I experienced it for the first time at the end of my pre-school years. I was very confused; I didn’t know what was happening. Waking up and randomly not being able to correctly speak really scared me. I waited a couple of days hoping I could get control of myself again. I finally told my parents something was wrong with me. They said I had developed a speech impediment called stuttering.
I thought the world had ended for me. Bullies began to pick on me, and my friends would imitate me or make jokes and laugh. I would go home after school, go to my room, and cry just about everyday. One day I met this kid named Nick who had a speech impediment as well, except he didn’t stutter. For some reason he couldn’t sound out his “H’s” properly. Later my twin brother, Michael, picked up a speech impediment. He had trouble saying his “R’s” and “S’s”. It was nice to know that I wasn’t alone with a speech problem. But Michael soon overcame this.
So then I realized that there are many people out in the world with speech impediments. I took speech sessions all the way up to 8th grade. I slowly improved. I quit those sessions because I knew it was up to me to stop stuttering. I have not gone to one speech session in all my high school years and I have improved greatly. I still get made fun of for stuttering and people joke, but I don’t let them get to me as much anymore. I’m used to being made fun of. I can’t say that I am happy that I stutter, but I also can’t say that I am upset about it. The only reasons why I am happy for having this impediment is because I now have a challenge to try and conquer everyday. Not a lot of people stutter, and it’s kind of cool that I get to experience it. I’m currently the only student in the school that stutters. Every time someone laughs when I speak, it only encourages me to overcome this impediment. And I am laughed at everyday.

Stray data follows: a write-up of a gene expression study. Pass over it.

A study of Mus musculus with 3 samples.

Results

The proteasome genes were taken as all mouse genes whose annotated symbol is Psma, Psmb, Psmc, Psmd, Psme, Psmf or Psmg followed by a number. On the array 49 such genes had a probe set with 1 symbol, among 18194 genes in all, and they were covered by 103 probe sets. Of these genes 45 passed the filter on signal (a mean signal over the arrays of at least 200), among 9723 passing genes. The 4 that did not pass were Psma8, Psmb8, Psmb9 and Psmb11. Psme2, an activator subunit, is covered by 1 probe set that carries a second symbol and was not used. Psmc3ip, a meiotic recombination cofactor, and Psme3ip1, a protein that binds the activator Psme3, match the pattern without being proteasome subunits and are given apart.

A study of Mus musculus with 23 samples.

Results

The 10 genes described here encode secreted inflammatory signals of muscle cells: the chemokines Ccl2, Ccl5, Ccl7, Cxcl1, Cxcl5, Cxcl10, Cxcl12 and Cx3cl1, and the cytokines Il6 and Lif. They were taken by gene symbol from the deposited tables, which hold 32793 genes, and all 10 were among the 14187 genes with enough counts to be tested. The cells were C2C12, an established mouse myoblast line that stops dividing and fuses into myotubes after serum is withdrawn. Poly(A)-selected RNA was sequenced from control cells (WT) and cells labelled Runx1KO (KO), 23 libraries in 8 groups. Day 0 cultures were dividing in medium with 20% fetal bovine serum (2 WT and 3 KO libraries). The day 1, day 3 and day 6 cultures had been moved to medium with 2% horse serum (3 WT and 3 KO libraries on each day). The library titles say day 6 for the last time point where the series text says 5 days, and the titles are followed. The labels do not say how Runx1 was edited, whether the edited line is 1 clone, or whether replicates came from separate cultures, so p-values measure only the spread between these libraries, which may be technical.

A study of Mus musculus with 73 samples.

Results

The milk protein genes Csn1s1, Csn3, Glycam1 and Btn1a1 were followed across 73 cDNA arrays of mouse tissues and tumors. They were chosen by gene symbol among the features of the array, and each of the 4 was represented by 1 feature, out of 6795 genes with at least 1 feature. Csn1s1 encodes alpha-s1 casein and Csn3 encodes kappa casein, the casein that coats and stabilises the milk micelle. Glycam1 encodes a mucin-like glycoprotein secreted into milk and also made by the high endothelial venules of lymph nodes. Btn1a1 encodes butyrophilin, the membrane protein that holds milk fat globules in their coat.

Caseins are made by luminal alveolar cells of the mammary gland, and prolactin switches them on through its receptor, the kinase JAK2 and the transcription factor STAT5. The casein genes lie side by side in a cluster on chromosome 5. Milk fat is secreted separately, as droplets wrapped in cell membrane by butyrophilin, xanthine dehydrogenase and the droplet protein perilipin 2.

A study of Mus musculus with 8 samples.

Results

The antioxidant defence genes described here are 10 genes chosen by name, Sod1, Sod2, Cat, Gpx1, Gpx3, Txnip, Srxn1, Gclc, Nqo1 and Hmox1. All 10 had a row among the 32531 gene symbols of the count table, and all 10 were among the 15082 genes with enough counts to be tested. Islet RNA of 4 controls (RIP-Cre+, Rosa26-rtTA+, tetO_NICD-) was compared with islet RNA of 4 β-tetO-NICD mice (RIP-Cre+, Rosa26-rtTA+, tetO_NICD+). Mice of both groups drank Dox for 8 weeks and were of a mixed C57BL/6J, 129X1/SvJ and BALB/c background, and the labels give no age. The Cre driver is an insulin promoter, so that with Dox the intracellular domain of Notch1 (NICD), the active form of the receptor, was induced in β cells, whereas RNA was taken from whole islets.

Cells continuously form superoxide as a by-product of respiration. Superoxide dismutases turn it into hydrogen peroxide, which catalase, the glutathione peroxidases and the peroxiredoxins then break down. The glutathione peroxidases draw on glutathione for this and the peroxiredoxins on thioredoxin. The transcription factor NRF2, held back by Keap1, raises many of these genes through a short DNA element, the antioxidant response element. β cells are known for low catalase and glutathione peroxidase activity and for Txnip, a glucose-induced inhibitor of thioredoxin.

I believe that people with speech impediments should be helped and not mocked. From personal experience the more you are teased, the lower your self-confidence goes down. Nobody in this world is perfect. For a lot of people out there, talking fluently and correctly is difficult. I’m talking about all speech impediments, not just stuttering. There are days where I stutter a lot, but I have learned to control my speech most of the time.
If you enjoyed this essay, please consider making a tax-deductible contribution to This I Believe, Inc.